Tax-writing committees in both the House and Senate have voted to send to their respective chambers bills that would put a temporary patch on the nation's seriously wounded and weakened Highway Trust Fund.
In effect, members of both parties in both houses have elected to reduce the debate over the future of transportation spending – and the jobs that would be created by that spending – to a discussion of the size and material of the Band-Aid, rather than what needs to be done to cure the patient.
What's worse – to stretch the medical analogy further – Congress is about to agree to put off the work of actually curing the patient until next year, when it's possible a more extremist, ideological Congress might just as soon shutter the operating room and let the patient die.
That's unfortunately not as far-fetched as it sounds. A growing cadre of far-right members of Congress is warming to the idea that federal transportation funding should be handed off to the states. Instead of a federal gasoline tax that goes into a Highway Trust Fund to help states meet national transportation priorities, that tax is allowed to expire and states are pretty much left to their own devices.
Sen. Rob Portman (R-Ohio) broached that position today when the Senate Finance Committee voted to send its highway funding patch to the Senate floor. "We ought to cut Washington out as the expensive middleman," he said, adding that "states are pretty darn good at prioritizing" where transportation dollars should be spent.
That's highly debatable, but that hasn't stopped some on the far right from elevating that nostrum as holy writ. The Heritage Foundation's political arm Heritage Action has listed as a "key vote" the Transportation Empowerment Act, which would decrease the federal gasoline tax and "empower the states to fund and manage their transportation programs and priorities—not those of Washington bureaucrats or influential lobbyists." The bill has 42 House cosponsors, all Republican.
If Republicans succeed in taking control of the Senate this fall, and there is nothing that compels Congress to come up with a long-term transportation bill before its adjournment at the end of the year, it is not hard to imagine a scenario in which anti-federal ideologues in both houses see the paralysis over transportation funding as an opportunity to finally get their way. At the very least, their continuing efforts to "starve the beast" will have the intended effect of forcing states to turn away from Washington and take matters into their own hands, as best they can.
If they win, this will take our transportation policy backward, not forward. Interstate commerce is a core federal responsibility, and until now that was not up for partisan debate. The creation of the interstate highway system was borne out of that responsibility. So have been the programs over the years to maintain and improve the system; to supplement it with public transportation and other amenities; to ensure that our transportation investments are environmentally responsible, and support smart and sustainable economic growth; and to ensure that the interests of all Americans are well served by our transportation tax dollars.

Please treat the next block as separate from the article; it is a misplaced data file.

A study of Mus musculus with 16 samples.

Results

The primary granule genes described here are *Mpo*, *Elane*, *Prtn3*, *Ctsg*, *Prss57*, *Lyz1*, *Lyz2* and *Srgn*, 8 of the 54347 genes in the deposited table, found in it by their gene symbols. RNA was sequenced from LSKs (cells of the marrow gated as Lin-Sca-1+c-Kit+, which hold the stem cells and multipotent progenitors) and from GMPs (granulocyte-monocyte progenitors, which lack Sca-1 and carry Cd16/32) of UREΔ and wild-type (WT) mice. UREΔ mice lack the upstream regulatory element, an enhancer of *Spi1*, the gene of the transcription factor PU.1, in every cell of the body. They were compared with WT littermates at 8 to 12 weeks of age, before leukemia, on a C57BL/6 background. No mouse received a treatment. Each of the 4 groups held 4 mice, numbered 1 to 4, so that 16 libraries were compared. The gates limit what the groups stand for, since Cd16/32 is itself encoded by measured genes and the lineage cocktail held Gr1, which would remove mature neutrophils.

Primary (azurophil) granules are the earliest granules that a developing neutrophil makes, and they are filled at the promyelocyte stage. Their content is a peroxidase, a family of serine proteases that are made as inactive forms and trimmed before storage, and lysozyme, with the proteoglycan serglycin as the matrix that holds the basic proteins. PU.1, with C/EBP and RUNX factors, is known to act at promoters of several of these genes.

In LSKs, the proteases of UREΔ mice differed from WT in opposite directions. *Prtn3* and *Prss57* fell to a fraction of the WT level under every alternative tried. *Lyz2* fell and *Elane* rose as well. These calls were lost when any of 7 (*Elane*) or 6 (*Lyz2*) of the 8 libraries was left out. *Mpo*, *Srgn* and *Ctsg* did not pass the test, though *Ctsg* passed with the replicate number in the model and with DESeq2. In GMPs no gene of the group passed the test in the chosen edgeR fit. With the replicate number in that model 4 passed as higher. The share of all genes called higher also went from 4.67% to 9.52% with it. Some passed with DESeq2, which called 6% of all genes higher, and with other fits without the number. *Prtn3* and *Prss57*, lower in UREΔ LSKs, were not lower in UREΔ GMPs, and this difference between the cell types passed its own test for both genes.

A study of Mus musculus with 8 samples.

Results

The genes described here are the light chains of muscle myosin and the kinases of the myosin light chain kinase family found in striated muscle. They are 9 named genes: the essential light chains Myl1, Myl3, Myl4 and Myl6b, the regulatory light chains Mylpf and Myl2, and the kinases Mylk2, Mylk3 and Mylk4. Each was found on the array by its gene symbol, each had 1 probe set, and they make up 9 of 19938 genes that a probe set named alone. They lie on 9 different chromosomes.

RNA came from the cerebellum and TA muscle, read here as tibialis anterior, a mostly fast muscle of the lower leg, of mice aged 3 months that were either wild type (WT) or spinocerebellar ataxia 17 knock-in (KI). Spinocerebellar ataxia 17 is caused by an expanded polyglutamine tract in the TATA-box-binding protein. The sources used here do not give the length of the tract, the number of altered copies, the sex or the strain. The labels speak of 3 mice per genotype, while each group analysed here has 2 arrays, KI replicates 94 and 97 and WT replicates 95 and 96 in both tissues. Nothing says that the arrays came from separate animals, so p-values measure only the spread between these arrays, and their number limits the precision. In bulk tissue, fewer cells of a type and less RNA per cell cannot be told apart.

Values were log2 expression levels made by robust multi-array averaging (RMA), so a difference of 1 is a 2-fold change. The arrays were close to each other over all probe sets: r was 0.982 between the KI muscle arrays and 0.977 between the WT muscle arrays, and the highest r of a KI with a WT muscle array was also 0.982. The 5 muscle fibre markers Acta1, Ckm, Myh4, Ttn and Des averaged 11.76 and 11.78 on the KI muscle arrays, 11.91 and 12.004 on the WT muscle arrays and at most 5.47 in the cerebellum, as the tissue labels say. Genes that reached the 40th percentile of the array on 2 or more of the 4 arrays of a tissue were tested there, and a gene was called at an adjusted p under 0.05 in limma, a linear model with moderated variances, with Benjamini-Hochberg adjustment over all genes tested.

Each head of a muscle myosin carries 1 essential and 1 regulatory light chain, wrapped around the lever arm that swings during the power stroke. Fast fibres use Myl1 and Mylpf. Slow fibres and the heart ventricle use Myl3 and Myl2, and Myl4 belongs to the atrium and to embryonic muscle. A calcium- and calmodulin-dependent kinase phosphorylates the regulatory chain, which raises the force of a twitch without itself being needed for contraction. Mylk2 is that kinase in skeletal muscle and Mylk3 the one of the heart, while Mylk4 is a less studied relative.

There is a more immediate and concrete reason why we need to tell Congress that it is wrong to agree to a short-term fix into 2015. We have a continuing jobs crisis, particularly in areas such as construction, that can be immediately addressed by a significant increase now in our transportation infrastructure. And we have literally trillions of dollars worth of projects that should be done around the country over the next decade. But states won't commit to those multiyear projects and create those jobs as long as Congress is trickling federal dollars out a few months at a time.
It is true that what Congress is likely to pass to extend transportation funding won't prohibit members from agreeing on a long-term funding solution before the end of the year. But it will give Congress an escape hatch it will likely use, as Sen. Thomas Carper (D-Del.), a member of the Senate Finance Committee, noted in his criticism of the bill. "One of the things I remember my dad saying over and over again: A job requires the time we allocate to do a job," Carper said. "If we say we're going to allocate the funding for a six-year transportation bill this year, we'll do it this year, and if we give ourselves to next May, we'll take that long."
That's why we will need more grassroots pressure on Congress to act now – and surely no later than the end of the year – to pass a multiyear transportation reauthorization bill. The stakes are high for everyone – for people who commute to and from work, for people who are looking for work, for people who struggle with the distance between where they can afford to live and where the jobs are, for people and companies whose livelihoods depend on the ability of delivery trucks to move from supplier to customer, for a nation whose global competitiveness is increasingly at risk because its transportation network is not keeping pace with that of other major countries.
This week, a cross-section of leaders and activists met in Washington to plot the next steps toward building a "full-employment movement." Increasing our infrastructure investment is a core objective of that movement. We will have to redouble our efforts in the coming weeks to amplify that movement, so that the fear of running afoul of that movement sirs Congress to the sense of urgency it so clearly lacks.